Second action re-litigating first action is prohibited, abuse of process
The Alberta Court of Queen’s Bench has ordered a claimant to explain why his statement of claim was not a prohibited, abusive re-litigation of a previous medical malpractice action that had been dismissed 19 years earlier.
In Wilyman v. Cole, 2022 ABQB 514, Christopher Wilyman filed a statement of claim in 2003. He alleged that Dr. Martin J. Cole of Rockyview Hospital in Calgary performed a medical procedure in a “negligent manner.” Wilyman sought the payment of damages in the amount of $1,150,000. His claim was dismissed by the Alberta Court of Queen’s Bench.
In 2022 – 19 years after the dismissal of the first action, Wilyman filed a second statement of claim. He alleged again that he was examined and misdiagnosed by Dr. Cole. The core element of the alleged negligence in the first action was duplicated in the second statement of claim, where Wilyman also claimed damages in the amount of $40 million.
Apparently vexatious application or proceeding
Dr. Cole requested the court to declare that the second action was an “Apparently Vexatious Application of Proceeding” (AVPAP), under Alberta Civil Practice Note No. 7 (CPN7). According to the court, the CPN7 mechanism was implemented “to better manage litigation that, on its face, appears to be unmeritorious, has no prospect of success, or it otherwise abusive and vexatious.”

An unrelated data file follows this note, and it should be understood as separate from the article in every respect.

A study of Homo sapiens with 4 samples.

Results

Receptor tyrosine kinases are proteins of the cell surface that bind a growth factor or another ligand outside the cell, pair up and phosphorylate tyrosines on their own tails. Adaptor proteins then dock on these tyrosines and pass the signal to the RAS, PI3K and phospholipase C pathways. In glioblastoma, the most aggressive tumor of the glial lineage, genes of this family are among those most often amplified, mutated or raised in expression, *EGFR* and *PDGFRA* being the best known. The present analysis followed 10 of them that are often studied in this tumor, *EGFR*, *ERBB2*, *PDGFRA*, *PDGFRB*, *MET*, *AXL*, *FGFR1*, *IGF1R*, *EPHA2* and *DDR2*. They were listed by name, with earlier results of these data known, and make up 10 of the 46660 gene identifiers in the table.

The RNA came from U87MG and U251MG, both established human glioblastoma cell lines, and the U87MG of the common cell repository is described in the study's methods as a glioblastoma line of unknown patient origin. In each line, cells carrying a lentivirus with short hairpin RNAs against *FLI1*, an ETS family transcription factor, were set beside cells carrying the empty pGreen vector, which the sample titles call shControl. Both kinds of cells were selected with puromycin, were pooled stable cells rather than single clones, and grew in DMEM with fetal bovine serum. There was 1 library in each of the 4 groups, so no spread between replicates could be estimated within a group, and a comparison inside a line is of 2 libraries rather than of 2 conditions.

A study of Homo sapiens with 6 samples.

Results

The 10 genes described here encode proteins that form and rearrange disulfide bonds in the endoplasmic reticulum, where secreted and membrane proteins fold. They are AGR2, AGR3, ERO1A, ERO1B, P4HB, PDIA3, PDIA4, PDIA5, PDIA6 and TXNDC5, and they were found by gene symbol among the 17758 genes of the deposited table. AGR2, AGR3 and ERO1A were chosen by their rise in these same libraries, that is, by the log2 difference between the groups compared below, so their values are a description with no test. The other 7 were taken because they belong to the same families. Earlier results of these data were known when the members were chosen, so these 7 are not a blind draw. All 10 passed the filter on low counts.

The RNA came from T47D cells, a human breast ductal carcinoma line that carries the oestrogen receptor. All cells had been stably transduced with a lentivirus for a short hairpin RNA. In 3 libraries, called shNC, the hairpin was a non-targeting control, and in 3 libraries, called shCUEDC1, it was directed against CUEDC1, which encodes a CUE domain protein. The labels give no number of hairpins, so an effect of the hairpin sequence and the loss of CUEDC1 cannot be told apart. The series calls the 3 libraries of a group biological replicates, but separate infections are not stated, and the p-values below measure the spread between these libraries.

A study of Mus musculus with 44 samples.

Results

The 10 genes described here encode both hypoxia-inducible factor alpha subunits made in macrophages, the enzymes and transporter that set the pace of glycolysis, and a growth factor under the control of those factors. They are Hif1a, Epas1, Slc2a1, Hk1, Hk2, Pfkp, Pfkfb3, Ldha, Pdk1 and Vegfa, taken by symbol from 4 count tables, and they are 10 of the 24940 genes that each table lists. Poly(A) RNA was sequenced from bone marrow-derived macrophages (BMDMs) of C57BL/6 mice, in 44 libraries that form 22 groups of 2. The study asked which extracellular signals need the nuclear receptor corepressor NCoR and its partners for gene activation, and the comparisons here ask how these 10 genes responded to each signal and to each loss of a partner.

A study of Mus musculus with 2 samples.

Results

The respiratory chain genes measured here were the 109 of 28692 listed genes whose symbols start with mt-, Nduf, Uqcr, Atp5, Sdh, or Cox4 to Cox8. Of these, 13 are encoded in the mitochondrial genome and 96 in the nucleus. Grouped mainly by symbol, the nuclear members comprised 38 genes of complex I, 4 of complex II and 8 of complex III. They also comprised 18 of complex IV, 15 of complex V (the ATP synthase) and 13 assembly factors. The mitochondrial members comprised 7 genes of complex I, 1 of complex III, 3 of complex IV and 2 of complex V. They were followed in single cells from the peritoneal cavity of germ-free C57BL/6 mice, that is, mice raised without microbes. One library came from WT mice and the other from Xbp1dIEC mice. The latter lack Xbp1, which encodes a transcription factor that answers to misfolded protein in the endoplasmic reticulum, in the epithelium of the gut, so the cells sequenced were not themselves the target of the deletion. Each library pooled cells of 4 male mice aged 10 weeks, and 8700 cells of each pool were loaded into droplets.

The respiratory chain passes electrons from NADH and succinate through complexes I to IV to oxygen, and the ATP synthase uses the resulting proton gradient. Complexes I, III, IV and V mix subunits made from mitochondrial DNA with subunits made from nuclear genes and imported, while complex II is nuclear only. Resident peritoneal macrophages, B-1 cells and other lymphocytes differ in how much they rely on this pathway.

The court also noted that CPN7 intended to provide a timely, proportionate, and cost-effective response to the litigants. The court said it would only intervene through the CPN7 mechanism when the defects in question were apparent on the face of the pleading, and the suspect pleadings were “clearer cases of abuse.” If, on initial review by the court, the pleading appeared to be unmeritorious, had no prospect of success, or was otherwise abusive and vexatious, then the court would issue a first written decision that would identify the apparent defect, which may be the basis to strike out the pleading.
The court remarked that if the second action appeared to re-litigate the first, the second action would be deemed a collateral attack on the outcome of the first action, which is prohibited and an abuse of process. A collateral attack is a litigation step or proceeding that challenges, directly or indirectly, a prior court decision or result. Collateral attacks are generally prohibited and an abuse of process.
After considering the two statements of claim, the court found that the second action statement of claim was a suitable candidate for a CPN7 review. While there were key differences between the first and second actions, the court found that each statement of claim cited the same alleged events and negligence of Dr. Cole. In the end, the court ordered Wilyman to explain why the second action was not prohibited, abusive re-litigation and a collateral attack upon the outcome of the first action.